Randy Kuhn, a professor at Stetson University and resident of Keene’s Pointe, is excited to take his lifelong passion for American Kenpo Karate and share it with children around West Orange.
WINDERMERE Randy Kuhn’s journey through the martial arts began more than 30 years ago, when Kuhn was a teenager — and it started because of a bully.
“The bully said a derogatory comment about my mother, and that pushed me over the edge,” Kuhn said. “I put him in the hospital, and my dad said, ‘OK — we’ve got to talk about this.’ … He wanted me to start taking martial arts.”
As luck would have it, the physical-education teacher at the high school Kuhn attended also taught karate. Kuhn got involved, beginning a decades-long journey in the martial arts that ebbed and flowed alongside his studies in college — from his years as an undergrad at UCF to obtaining his doctoral degrees — through a career as a certified public accountant that included high-profile work on the scandals involving Enron and WorldCom.
Kuhn — who lives in Keene’s Pointe with his wife, Angela, and daughters Alyssa, 13, Jillian, 10, and Callie, 1 — has been a college professor since 2005, and with his latest position at Stetson University in DeLand set to require him to be on campus just two days a week, the longtime student of American Kenpo Karate recognized an opportunity.
“As a college professor, I have a lot of (scheduling) flexibility,” Kuhn said. “I look at my schedule, and I’m like, ‘The girls are getting older and they really need to learn the martial arts. Their father is about to be a third-degree black-belt, so it’s time.’”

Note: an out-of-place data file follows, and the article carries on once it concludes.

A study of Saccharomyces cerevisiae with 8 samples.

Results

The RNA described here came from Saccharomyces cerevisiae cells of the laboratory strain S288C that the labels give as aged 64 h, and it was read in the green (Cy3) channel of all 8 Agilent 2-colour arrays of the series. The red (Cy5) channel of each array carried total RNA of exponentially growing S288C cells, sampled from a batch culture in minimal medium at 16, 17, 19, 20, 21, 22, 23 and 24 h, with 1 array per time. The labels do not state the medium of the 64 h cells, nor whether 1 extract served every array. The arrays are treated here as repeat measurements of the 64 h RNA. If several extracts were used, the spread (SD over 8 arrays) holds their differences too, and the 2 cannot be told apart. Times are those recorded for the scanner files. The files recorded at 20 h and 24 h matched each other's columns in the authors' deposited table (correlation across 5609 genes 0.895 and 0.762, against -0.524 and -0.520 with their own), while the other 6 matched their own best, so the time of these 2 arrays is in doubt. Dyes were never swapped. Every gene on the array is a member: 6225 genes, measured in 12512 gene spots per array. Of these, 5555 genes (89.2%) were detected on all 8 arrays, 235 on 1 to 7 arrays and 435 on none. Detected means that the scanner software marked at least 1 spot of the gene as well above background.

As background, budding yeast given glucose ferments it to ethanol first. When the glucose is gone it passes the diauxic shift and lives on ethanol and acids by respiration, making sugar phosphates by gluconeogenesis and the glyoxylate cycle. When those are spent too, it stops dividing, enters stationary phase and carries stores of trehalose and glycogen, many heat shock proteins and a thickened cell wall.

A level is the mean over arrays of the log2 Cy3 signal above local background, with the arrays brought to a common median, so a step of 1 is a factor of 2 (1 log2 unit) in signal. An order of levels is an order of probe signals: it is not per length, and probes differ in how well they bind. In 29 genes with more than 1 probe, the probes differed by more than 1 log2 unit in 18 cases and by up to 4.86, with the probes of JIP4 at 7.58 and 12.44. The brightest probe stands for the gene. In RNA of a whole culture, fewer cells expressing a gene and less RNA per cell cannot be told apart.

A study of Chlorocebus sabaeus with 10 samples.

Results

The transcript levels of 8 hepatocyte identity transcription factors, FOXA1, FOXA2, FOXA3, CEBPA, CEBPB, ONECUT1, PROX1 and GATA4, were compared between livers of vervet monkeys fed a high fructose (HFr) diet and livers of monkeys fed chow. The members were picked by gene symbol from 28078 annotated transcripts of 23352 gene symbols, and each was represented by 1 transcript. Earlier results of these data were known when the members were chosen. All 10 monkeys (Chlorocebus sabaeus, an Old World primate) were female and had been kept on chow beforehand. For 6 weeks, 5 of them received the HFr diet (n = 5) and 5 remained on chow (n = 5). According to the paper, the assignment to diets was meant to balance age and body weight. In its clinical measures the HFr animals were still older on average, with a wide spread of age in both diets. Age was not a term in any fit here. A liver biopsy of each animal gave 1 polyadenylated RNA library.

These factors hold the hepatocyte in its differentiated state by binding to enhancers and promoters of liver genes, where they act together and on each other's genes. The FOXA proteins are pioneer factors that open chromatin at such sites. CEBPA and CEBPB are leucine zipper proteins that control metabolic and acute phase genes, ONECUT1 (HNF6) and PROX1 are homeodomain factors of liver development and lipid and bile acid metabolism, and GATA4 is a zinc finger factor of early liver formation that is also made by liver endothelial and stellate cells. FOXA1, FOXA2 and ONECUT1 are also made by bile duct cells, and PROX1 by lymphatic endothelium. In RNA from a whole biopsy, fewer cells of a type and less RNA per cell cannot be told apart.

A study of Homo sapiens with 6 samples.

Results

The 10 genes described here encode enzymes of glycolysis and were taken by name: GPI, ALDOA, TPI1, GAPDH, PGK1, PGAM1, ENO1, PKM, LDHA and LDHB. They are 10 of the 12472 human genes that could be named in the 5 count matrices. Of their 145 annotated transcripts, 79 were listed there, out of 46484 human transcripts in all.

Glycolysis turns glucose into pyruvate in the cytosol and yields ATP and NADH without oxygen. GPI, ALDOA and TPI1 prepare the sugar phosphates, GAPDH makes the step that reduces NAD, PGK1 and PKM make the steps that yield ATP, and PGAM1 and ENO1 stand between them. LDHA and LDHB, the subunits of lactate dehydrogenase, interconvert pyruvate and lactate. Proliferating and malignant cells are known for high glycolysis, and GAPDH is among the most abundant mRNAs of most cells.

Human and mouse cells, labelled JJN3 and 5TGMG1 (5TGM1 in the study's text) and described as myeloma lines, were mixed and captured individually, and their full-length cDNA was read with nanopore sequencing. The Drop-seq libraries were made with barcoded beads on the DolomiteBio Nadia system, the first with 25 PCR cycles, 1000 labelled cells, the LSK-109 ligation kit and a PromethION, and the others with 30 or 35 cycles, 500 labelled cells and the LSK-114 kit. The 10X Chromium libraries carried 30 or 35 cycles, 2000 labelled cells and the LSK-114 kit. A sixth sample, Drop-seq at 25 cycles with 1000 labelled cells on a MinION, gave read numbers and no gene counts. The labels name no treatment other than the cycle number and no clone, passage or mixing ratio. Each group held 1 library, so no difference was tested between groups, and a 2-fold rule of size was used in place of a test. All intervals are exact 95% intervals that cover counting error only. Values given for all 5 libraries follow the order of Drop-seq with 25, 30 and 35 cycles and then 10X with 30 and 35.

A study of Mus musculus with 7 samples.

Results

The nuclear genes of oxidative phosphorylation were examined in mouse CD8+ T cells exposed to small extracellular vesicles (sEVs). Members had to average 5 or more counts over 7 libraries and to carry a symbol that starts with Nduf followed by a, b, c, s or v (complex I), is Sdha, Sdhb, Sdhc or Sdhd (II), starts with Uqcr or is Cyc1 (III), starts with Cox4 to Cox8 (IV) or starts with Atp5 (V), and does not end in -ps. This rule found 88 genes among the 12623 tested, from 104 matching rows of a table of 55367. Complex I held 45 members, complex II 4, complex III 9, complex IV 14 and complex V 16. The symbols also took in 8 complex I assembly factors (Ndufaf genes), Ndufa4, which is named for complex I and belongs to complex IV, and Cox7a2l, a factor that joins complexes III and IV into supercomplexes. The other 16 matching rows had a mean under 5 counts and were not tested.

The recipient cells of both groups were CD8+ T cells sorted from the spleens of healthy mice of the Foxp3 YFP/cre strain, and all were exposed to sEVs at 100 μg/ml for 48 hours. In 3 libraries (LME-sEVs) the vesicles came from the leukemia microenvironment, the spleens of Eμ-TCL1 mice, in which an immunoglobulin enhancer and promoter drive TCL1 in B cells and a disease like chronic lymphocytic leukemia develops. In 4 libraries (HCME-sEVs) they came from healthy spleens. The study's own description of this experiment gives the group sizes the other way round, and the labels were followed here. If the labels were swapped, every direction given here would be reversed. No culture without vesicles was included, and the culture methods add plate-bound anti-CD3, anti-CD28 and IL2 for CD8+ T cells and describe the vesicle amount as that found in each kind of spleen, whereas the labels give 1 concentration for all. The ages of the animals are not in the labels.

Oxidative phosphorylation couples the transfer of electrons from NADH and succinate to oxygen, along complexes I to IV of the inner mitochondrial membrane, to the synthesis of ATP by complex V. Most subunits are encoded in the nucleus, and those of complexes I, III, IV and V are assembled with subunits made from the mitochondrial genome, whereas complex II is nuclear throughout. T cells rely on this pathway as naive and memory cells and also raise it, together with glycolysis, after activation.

That realization has led Kuhn and his wife to sign a lease in the under-construction Westside Shoppes, adjacent to Horizon West’s Lakeside Village development. There, he hopes to have The Kenpo Karate Chophouse up and running by January 2017.
Until then, though, the second-degree black belt is happy to train interested students — for free — alongside his daughters at his home.
“Anyone who wants a head start — I’m training them for free the next six months,” Kuhn said.
Part of his inclination to take the leap and open a business has to do with Kuhn’s belief in equipping children and teens with the ability to defend themselves — either against a bully or against a predator. That is why Kuhn is so big on American Kenpo Karate, which he said is best-suited to self-defense because of its focus on close-quarters fighting that actually occurs in real life.
“The whole purpose of Kenpo is to defend yourself,” Kuhn said. “In real life, what’s really going to happen? (Attackers) are going to be up close. How do you manage those real-life situations? That’s what Kenpo is designed for.”
With video of an attempted abduction at a convenience store going viral recently, Kuhn said it is imperative to equip kids with the moves to defend themselves — and the discipline to know when to act.
“I have three girls; it’s important that they understand the situations that could occur and how to react in those situations,” Kuhn said. “It helps you with the self-confidence to deal with adverse situations.”
Kuhn also is seeking adults interested in becoming part-time instructors —whom he will train for free — once the gym opens. Furthermore, once the studio open, Kuhn’s wife, Angela, also will offer classes during the day for stay-at-home moms and for children with disabilities such as autism. Kuhn plans to offer need-based scholarships as well as “hero” discounts to police, firefighters, emergency services personnel and teachers.
Contact Steven Ryzewski at [email protected].